As a B2B/B2C survey researcher rather than a pollster, the quadrennial spectator sport that consumes me is not the Olympics, but Presidential elections. The sheer volume of polls and news stories about polls is amazing to me, and I often begin each morning during the campaign season reviewing the latest poll results. Of course, while I enjoy poll watching, I can’t help but learn something about corporate survey research as well. What are some of the things political polling has taught me about surveying?
First, some background. During the 2004 race, I turned regularly to the site Electoral-vote.com, which attempted to compensate for the mass media obsession with the popular vote. As those who had forgotten high school civics relearned in 2000, the winner of the popular vote is not guaranteed to become President. With this in mind, Electoral-vote.com used a state-by-state model to predict the results of the Electoral College. The model factored in past reliability of polls by source as well as recency of polls; despite the sophistication of this approach, the site called the election for Senator Kerry.
During the 2008 race, I instead turned to FiveThirtyEight.com (named after the number of members of Congress: 100 Senators + 438 Representatives). FiveThirtyEight.com developed an even more sophisticated model. As researchers, we often design sampling to get us a 95% confidence level. That done, we then overlook the fact that 1 out of 20 times the answer we got to a survey question is outside the margin of error for the target population. To factor this into account, Nate Silver, publisher of FiveThirtyEight.com, actually runs 10,000 simulations of the election, determining the results for each state randomly, but informed by the model. Rarely, a state might have a result completely unpredicted by current polling, just as might happen in real life. The result of running 10,000 simulations then provides odds that a candidate wins the Electoral College, with a range of electoral margins of victory.
So what has polling taught me, as a survey researcher?
Report what matters. Reporting the Net Promoter Score for B2B research, for instance, is as bad as reporting the popular vote when it is the electoral vote that wins elections. Determine the key drivers for your business, the measures with predictive validity that tie to business outcomes, and report those.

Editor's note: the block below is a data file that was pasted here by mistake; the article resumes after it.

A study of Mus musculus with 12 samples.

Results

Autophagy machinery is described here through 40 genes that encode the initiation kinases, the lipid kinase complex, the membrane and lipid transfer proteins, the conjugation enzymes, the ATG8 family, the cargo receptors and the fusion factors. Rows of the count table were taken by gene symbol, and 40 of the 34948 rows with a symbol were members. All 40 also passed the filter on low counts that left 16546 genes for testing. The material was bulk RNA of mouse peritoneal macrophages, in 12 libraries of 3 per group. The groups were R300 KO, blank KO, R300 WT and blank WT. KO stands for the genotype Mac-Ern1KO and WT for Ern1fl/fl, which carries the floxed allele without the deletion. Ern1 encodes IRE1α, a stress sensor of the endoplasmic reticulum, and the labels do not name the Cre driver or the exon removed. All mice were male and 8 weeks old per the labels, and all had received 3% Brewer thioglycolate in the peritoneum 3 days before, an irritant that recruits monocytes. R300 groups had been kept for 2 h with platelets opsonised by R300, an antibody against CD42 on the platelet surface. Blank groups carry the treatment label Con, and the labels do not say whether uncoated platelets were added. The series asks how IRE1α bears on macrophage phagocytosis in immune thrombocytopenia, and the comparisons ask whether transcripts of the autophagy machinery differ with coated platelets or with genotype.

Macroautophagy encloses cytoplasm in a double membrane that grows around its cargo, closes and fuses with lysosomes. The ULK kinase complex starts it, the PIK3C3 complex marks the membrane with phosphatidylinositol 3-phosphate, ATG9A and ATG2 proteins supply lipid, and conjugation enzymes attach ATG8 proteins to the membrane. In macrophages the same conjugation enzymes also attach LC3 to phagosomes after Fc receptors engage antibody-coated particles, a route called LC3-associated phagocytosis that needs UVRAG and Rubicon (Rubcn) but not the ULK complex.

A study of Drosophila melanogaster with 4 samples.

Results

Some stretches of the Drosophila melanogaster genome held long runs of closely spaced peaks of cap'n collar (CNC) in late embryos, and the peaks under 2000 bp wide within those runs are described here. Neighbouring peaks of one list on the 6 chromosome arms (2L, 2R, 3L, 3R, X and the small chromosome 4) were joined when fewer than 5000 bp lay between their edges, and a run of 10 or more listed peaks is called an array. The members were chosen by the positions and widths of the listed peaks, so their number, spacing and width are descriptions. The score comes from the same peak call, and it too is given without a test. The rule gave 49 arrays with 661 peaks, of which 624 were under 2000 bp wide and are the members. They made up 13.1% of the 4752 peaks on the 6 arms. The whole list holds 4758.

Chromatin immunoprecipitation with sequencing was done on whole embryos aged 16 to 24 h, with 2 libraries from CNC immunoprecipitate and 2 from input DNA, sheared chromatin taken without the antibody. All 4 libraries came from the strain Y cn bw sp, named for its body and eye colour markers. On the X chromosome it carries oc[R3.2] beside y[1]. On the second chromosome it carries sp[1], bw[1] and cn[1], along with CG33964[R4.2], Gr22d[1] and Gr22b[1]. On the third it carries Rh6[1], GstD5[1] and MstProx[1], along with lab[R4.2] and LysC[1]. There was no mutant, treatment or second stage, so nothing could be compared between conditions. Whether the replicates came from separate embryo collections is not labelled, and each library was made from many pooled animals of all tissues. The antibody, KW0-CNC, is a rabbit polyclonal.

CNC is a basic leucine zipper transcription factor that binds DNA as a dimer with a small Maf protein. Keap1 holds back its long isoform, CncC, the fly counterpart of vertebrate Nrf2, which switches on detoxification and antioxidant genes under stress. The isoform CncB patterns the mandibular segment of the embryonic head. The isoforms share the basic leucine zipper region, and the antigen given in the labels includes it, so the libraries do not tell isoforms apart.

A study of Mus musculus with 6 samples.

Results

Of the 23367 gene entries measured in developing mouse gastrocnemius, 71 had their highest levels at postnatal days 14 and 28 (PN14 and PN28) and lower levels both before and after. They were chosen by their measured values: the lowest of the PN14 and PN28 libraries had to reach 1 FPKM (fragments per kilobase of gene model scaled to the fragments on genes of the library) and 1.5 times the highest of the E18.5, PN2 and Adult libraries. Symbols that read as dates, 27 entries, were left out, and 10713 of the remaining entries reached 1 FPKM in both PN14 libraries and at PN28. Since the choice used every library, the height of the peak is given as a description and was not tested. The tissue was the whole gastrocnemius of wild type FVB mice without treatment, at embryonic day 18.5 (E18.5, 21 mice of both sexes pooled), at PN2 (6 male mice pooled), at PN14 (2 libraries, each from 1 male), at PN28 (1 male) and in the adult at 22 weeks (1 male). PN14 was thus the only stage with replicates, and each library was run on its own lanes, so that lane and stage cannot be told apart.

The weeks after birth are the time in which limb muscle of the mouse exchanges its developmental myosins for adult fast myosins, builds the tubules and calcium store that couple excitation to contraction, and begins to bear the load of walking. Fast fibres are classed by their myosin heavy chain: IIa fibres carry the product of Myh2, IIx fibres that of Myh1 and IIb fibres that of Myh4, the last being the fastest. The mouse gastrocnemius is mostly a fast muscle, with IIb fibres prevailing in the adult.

Sampling methodologies matter. The famous “Dewey Defeats Truman” headline is a reminder of the potential inaccuracy of access panels (readers of a particular magazine, in the case of the Dewey poll). RDD personal surveys, IVR surveys, cell phone surveys, online surveys, etc., all have their issues. Understand and report the strengths and weaknesses of the mode and sampling approach used.
Recognize that some data is wrong. Fortunately for us, B2B and B2C surveys never fail as spectacularly as “Dewey Defeats Truman.” We focus on sampling error, because we can measure it, clinging to it even in cases where it shouldn’t be reported, yet many other types of errors can causes surveys to be wrong. Identify where data may be suspect and factor that into your conclusions.
Differential turnout. Just as voter blocks sometimes don’t go to the polls as predicted, sometimes customer segments don’t make it to market in the proportions you predicted.
Make sure the targeted segments align with your distribution channels.
Late swing. Sometimes market conditions change. If a major event has occurred since your survey was fielded (for instance, a competitor dramatically lowered prices or released a heralded new product), update your research before drawing any conclusions from it.
Fortunately for those of us who are survey researchers, political polling is a spectator sport. Few of us are surveying to predict one-day outcomes. We’re researching product and service launches and ongoing improvements that will play out over months or years. We get to be wrong slowly. So, sit back, relax and enjoy the upcoming Congressional polling. It’s not as fun as the Olympics, but until survey marathons are added to, it will have to do.